You know the saying about not being able to teach old dogs new tricks? Even so, companies might want to focus their attention on teaching the ones they employ an old one instead: writing. In fact, a 2018 survey by the National Association of Colleges and Employers found that 82 per cent of employers wanted candidates with strong written communication skills. Written communication was the most-desired quality overall, followed by problem solving skills and the ability to work as part of a team.
Knowing this, what can you do to improve your writing skills? Or boost the skills of those on your team? Here are a few tips.
The first step to writing well is tuning in. Turn everything except your brain and the computer off. While you might think you’re an ace multi-tasker, the science behind it suggests you’re not. In a landmark 2009 study, Stanford professor and researcher Clifford Nass showed that multi-taskers underperformed at all tasks. In other words, if you don't focus on what you're writing, you'll be far less efficient and may ultimately produce work that's of lower quality. So turn off Facebook, email and Twitter and just write.
Writing’s a bit like driving a car – to get to your destination, you have to know how you’re going to get there. That means planning the route before you step on the gas. So, before you put pen to paper (or fingers to keyboard), plan out what it is you want to say. Likewise, when you’re in the act of writing, be aware of what you’re doing. Skilled writers write with awareness, so learn to tune in to what you are doing, rather than slipping into a thoughtless stream of consciousness.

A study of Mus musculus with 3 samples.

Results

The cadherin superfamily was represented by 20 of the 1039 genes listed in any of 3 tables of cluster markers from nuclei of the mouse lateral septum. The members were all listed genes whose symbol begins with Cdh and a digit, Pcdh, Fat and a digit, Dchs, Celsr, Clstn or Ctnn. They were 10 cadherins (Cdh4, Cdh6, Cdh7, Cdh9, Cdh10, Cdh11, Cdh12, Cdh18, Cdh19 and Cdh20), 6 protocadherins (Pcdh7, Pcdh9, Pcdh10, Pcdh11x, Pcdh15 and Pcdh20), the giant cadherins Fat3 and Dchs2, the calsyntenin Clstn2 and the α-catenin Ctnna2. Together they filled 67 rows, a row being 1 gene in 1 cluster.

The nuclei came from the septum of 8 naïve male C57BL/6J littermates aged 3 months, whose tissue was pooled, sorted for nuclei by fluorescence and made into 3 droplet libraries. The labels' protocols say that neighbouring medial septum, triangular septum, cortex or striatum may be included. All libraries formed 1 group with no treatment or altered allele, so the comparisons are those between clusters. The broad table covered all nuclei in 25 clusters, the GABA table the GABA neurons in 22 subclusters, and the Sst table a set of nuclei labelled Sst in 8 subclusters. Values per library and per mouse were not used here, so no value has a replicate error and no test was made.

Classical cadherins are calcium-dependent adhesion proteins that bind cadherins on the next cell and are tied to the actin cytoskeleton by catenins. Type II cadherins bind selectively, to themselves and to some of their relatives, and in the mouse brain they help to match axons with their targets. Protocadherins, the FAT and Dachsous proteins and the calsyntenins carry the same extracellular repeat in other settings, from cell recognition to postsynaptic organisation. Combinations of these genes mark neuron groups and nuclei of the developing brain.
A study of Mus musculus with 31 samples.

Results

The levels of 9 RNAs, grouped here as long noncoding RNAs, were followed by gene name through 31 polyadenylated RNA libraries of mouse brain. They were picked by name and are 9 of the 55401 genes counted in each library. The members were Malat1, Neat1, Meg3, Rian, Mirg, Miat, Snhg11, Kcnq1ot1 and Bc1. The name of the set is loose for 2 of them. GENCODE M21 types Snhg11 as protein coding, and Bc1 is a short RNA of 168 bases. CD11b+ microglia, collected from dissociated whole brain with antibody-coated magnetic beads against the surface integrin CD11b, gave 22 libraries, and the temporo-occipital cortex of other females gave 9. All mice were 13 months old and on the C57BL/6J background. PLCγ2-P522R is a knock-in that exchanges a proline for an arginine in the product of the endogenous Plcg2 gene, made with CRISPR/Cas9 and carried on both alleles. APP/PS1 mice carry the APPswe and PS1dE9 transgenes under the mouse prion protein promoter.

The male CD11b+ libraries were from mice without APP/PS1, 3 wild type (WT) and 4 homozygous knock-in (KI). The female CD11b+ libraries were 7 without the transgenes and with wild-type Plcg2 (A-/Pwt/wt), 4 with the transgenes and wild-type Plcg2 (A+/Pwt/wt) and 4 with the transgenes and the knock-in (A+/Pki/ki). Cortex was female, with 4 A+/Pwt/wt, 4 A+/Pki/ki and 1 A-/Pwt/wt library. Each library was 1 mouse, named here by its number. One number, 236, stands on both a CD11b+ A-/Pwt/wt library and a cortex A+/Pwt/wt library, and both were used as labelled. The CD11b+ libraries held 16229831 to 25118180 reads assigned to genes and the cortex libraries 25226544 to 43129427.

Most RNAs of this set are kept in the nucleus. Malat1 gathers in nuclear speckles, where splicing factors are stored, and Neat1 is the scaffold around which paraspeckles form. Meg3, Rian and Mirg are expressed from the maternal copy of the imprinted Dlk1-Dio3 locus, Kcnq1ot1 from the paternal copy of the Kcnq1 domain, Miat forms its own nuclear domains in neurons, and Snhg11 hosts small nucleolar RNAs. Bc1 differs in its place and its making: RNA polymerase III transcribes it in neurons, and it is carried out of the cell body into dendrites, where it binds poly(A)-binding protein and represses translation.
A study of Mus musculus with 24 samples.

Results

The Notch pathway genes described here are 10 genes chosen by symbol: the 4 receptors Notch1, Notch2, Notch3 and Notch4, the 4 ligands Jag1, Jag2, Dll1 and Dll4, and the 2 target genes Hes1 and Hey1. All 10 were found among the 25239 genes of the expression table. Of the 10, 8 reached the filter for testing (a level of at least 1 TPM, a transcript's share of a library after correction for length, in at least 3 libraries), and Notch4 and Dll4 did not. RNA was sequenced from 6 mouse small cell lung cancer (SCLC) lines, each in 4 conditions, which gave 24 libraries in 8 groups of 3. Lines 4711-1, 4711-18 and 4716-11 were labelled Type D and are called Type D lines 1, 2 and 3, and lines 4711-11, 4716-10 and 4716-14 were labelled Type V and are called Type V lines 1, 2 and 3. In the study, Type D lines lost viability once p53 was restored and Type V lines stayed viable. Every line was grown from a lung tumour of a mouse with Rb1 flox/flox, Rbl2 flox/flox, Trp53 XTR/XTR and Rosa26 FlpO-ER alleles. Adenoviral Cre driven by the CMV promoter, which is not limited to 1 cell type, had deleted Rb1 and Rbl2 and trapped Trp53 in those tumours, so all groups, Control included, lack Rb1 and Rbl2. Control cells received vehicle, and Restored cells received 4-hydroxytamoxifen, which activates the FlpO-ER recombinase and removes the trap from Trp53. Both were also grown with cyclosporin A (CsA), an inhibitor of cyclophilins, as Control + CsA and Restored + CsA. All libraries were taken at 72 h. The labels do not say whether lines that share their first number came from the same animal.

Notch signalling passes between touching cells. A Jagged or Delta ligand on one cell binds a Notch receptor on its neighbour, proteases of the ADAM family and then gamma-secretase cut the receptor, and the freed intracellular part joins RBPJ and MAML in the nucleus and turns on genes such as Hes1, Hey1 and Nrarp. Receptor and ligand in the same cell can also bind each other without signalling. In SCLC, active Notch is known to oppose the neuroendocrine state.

George Orwell said it almost 70 years ago: If it’s possible to cut a word, cut it. After all, in this digital age where many people are reading content on a hand-held device, getting and keeping people's attention is more important than ever. The good news is that you’re already getting plenty of practice, whether you realize it or not. That’s because the most popular forms of communication – texting, Twitter and other forms of social media – already encourage (or in some cases, enforce) brevity. Think about how succinct you can get in a text and translate that no-nonsense, to-the-point style to your other writing (with better grammar and punctuation, of course!)
This is probably the hardest part, but it’s also the most important. To get better at writing, you have to be willing to subject yourself to scrutiny and criticism. There's some vulnerability to writing because it always includes your own voice. However, a willingness to seek out feedback is something that applies to all writers, no matter how skilled they might be. Self-improvement is an ongoing process, which means that if you write, you have to be open to the criticism that will help you write better. So, seek out comments and criticisms about your work, and be open to providing it to others.
Is written communication a key skill in your workplace? if you aren't working toward honing it in yourself and among your employees, you may be missing out on a big opportunity.